On 15 December, Mrs Justice Joanna Smith DBE handed down a short decision in an appeal from the Trade Marks Registry in Shine TV Ltd v. Ska Trading Ltd  EWHC 3156 (Ch).
Ska sought to register the mark ‘MISTER CHEF’ for various cooking utensils. Shine owned earlier rights in the form of trade marks registered for ‘MASTERCHEF’ for both cooking utensils and a reality television programme in the field of cooking. It opposed the application under both section 5(2)(b) (relying on its registrations for cooking utensils) and 5(3) (relying on its registration and reputation for its reality television series).
At first instance Allan James, the Hearing Officer for the Registrar, found that the marks were visually and aurally similar but that they were conceptually dissimilar. In particular, he found that the average consumer would understand the earlier sign to mean a highly skilled chef.
Shine appealed. At the hearing of the appeal, it had two arguments. First, that Mr James had failed to take alternative meanings of the element ‘MASTER’ into account when considering conceptual similarity. Secondly, that he had somehow imported the reputation for reality television into his conceptual comparison when arriving at the conclusion that the earlier sign designated a ‘top chef’.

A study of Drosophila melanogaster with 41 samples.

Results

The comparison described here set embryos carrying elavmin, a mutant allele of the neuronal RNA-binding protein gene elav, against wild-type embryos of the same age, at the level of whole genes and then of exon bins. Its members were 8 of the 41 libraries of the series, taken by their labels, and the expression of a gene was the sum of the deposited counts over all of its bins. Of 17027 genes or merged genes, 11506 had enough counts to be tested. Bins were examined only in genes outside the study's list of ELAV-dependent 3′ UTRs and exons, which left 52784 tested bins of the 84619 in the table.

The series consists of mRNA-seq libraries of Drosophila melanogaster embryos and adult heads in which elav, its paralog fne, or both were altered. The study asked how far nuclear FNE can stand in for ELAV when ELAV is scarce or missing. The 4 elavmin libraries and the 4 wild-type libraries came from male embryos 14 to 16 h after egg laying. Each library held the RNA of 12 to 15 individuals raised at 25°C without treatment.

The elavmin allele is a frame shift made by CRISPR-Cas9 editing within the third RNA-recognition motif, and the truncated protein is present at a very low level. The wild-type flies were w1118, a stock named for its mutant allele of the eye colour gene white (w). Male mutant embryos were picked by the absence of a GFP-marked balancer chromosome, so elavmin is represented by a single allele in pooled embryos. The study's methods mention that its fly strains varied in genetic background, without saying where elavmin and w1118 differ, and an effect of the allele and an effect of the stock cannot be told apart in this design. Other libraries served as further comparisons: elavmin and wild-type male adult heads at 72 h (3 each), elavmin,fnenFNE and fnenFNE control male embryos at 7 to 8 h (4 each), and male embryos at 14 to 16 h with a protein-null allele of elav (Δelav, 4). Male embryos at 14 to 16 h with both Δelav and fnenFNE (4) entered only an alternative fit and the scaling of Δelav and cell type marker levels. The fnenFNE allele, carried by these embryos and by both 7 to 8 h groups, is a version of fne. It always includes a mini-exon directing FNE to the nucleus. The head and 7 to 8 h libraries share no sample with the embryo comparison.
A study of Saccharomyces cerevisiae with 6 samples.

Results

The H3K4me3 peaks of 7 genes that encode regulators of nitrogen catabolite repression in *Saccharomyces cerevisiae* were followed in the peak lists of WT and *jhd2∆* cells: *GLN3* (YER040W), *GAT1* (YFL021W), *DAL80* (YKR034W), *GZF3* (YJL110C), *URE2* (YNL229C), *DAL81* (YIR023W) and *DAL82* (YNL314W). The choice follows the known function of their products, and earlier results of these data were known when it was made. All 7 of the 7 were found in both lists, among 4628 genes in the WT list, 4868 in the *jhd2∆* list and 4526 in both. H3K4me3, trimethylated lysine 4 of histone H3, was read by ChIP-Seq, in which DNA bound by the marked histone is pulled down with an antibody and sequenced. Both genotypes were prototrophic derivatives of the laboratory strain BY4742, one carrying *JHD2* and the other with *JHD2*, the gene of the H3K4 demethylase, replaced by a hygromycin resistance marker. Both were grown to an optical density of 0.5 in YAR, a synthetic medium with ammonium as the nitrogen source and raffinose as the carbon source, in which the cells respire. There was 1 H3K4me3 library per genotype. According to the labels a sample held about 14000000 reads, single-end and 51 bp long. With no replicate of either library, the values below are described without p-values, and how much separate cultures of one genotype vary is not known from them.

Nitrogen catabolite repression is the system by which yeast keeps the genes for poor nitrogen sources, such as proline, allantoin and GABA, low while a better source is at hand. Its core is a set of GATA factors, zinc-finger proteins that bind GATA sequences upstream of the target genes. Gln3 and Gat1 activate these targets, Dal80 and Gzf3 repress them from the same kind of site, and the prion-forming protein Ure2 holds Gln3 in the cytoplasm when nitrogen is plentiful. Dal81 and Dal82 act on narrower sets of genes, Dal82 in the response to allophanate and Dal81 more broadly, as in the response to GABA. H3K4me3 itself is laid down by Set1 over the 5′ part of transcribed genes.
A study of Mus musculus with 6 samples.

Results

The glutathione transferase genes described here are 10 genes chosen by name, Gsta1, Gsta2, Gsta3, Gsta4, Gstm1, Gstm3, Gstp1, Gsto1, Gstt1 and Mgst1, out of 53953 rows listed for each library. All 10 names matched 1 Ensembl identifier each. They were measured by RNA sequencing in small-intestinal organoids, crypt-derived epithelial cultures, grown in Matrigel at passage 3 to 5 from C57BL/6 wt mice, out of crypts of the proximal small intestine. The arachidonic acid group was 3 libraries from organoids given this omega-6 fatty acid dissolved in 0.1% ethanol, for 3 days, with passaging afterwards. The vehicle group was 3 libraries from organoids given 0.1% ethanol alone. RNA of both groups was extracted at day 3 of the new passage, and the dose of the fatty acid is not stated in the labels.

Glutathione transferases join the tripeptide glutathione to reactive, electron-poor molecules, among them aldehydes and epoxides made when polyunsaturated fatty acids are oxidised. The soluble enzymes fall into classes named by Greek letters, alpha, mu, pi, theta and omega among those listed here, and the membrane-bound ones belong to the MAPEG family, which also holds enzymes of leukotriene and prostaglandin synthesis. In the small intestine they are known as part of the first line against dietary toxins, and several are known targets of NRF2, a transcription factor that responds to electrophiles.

In rejecting the first ground, Joanna Smith J. noted that Shine had pointed to different potential meanings of the term ‘MASTER’ in its submissions below. She also found that, since Mr James had observed that the meaning he had adopted was the third of several possible meanings in the Oxford English Dictionary, he had plainly considered the other possible meanings.
Turning to the second ground, the Judge gave the ‘tentative’ arguments of the appellant short shrift. She was not satisfied that it was open to her to infer an importation of knowledge of reputation for different services in the way submitted by Shine.
The Judge rejected these grounds and refused the appeal.
This case is an example of the relatively rare but permissible situation where visual and aural similarity can be overcome by conceptual dissonance.